Podcast #128: We chat with Kent C Dodds about why he loves React and discuss what life was like in the dark days before Git. Listen now.
2 deleted 41 characters in body
source | link

I am trying to understand how linux containers work internally. One of the things that I have learned is that you can containerize a shell by passing in special flags to it. Out of the flags one is for the PIDs.

This however, does not give the desired effect for the ps command, as it still shows all the processes from the host and the container. This is probably because ps reads from /proc directory.

One of the methods I have seen to get ps to show processes that are running only on the container is via chrooting into a fake root file system (which just contains the directories/utilities of the operating system) and then mounting the /proc directory of the host to the proc directory of the fake fs.

I just can't understand why this actually works. Why does mounting the /proc directory into another mount point make it behave like it is containerized.

Why do you even need a fake root filesystems for containers like Docker to work properly?

Am I missing something? I am not really an expert with Linux VFS.

The technique that I describe is from this video at DockerCon.

I have set the link to the exact time this method is done.

I am trying to understand how linux containers work internally. One of the things that I have learned is that you can containerize a shell by passing in special flags to it. Out of the flags one is for the PIDs.

This however, does not give the desired effect for the ps command, as it still shows all the processes from the host and the container. This is probably because ps reads from /proc directory.

One of the methods I have seen to get ps to show processes that are running only on the container is via chrooting into a fake root file system (which just contains the directories/utilities of the operating system) and then mounting the /proc directory of the host to the proc directory of the fake fs.

I just can't understand why this actually works. Why does mounting the /proc directory into another mount point make it behave like it is containerized.

Why do you even need a fake root filesystems for containers like Docker to work properly?

Am I missing something? I am not really an expert with Linux VFS.

The technique that I describe is from this video at DockerCon.

I have set the link to the exact time this method is done.

I am trying to understand how linux containers work internally. One of the things that I have learned is that you can containerize a shell by passing in special flags to it. Out of the flags one is for the PIDs.

This however, does not give the desired effect for the ps command, as it still shows all the processes from the host and the container. This is probably because ps reads from /proc directory.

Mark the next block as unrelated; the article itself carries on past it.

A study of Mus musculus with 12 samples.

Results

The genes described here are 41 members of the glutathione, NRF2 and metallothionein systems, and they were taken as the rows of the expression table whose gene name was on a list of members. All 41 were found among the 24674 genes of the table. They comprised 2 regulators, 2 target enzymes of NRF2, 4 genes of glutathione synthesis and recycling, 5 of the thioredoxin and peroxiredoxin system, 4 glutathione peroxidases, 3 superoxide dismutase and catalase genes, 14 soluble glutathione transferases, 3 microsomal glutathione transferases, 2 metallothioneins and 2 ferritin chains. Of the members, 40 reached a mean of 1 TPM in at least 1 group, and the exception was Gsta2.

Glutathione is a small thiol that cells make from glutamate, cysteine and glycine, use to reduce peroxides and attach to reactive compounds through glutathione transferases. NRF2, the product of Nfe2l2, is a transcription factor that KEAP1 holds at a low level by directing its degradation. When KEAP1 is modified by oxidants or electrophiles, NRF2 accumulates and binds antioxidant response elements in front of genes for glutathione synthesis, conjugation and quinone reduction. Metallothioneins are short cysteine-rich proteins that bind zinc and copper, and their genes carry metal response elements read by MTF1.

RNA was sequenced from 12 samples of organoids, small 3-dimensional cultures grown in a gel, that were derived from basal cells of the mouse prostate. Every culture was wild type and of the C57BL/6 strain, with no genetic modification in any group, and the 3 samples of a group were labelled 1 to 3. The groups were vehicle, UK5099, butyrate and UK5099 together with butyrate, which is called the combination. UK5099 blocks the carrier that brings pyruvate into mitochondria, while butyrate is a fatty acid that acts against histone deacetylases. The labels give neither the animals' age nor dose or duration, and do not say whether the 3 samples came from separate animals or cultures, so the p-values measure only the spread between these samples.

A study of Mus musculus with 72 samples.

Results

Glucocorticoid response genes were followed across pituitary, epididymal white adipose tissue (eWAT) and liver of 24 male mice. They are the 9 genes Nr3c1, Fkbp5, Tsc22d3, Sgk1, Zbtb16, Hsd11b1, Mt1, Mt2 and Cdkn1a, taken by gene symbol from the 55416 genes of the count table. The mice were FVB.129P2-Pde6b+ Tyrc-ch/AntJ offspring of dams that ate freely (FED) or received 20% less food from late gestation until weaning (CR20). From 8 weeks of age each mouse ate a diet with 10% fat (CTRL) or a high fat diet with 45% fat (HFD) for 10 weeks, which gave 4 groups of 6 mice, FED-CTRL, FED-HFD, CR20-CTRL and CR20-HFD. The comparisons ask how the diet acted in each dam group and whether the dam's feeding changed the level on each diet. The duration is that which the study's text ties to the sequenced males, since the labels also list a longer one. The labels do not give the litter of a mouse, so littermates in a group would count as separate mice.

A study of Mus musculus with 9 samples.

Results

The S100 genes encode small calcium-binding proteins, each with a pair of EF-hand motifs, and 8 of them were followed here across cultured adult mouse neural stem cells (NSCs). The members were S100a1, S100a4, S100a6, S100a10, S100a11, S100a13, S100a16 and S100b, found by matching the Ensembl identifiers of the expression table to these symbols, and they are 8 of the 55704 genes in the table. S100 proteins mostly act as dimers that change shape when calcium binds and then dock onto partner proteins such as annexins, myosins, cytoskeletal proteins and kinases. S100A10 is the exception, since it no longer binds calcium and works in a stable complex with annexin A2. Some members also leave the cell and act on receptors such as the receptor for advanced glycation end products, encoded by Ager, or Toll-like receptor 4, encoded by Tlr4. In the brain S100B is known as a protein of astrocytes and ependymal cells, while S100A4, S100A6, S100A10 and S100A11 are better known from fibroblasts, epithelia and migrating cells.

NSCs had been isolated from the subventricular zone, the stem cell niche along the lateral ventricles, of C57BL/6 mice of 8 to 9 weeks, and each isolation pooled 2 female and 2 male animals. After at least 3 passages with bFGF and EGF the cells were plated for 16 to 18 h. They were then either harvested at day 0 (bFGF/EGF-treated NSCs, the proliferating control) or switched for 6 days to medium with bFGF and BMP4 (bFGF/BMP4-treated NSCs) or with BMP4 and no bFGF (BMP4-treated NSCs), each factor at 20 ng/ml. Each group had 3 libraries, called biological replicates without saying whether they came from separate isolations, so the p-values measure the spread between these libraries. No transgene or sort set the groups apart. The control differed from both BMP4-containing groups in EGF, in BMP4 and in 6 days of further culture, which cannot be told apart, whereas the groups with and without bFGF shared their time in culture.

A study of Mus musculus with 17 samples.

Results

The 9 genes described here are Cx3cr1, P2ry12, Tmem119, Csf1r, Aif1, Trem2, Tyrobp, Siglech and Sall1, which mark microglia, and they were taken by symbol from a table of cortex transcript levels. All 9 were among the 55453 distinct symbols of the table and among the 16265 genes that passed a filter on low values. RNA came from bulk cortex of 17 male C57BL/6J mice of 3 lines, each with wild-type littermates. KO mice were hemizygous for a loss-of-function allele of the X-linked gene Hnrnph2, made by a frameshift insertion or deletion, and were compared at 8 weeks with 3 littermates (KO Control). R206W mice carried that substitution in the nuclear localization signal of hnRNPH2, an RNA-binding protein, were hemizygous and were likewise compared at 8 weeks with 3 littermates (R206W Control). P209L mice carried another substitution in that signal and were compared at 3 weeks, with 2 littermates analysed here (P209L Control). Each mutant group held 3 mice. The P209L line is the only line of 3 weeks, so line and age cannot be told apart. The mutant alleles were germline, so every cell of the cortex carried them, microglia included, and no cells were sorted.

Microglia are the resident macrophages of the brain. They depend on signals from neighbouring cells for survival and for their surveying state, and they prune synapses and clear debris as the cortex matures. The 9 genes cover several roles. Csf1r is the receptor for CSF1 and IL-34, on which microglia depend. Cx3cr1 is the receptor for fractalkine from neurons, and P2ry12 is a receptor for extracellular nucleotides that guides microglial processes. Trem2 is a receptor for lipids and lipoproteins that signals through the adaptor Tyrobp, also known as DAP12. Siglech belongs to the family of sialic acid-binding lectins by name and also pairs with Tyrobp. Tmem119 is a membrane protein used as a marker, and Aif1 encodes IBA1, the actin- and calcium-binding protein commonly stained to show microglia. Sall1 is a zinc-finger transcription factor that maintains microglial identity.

One of the methods I have seen to get ps to show processes that are running only on the container is via chrooting into a fake root file system (which just contains the directories/utilities of the operating system) and then mounting the /proc directory of the host to the proc directory of the fake fs.

I just can't understand why this actually works. Why does mounting the /proc directory into another mount point make it behave like it is containerized.

Why do you even need a fake root filesystems for containers like Docker to work properly?

Am I missing something?

The technique that I describe is from this video at DockerCon.

I have set the link to the exact time this method is done.

1
source | link

How to namespace the ps command?

I am trying to understand how linux containers work internally. One of the things that I have learned is that you can containerize a shell by passing in special flags to it. Out of the flags one is for the PIDs.

This however, does not give the desired effect for the ps command, as it still shows all the processes from the host and the container. This is probably because ps reads from /proc directory.

One of the methods I have seen to get ps to show processes that are running only on the container is via chrooting into a fake root file system (which just contains the directories/utilities of the operating system) and then mounting the /proc directory of the host to the proc directory of the fake fs.

I just can't understand why this actually works. Why does mounting the /proc directory into another mount point make it behave like it is containerized.

Why do you even need a fake root filesystems for containers like Docker to work properly?

Am I missing something? I am not really an expert with Linux VFS.

The technique that I describe is from this video at DockerCon.

I have set the link to the exact time this method is done.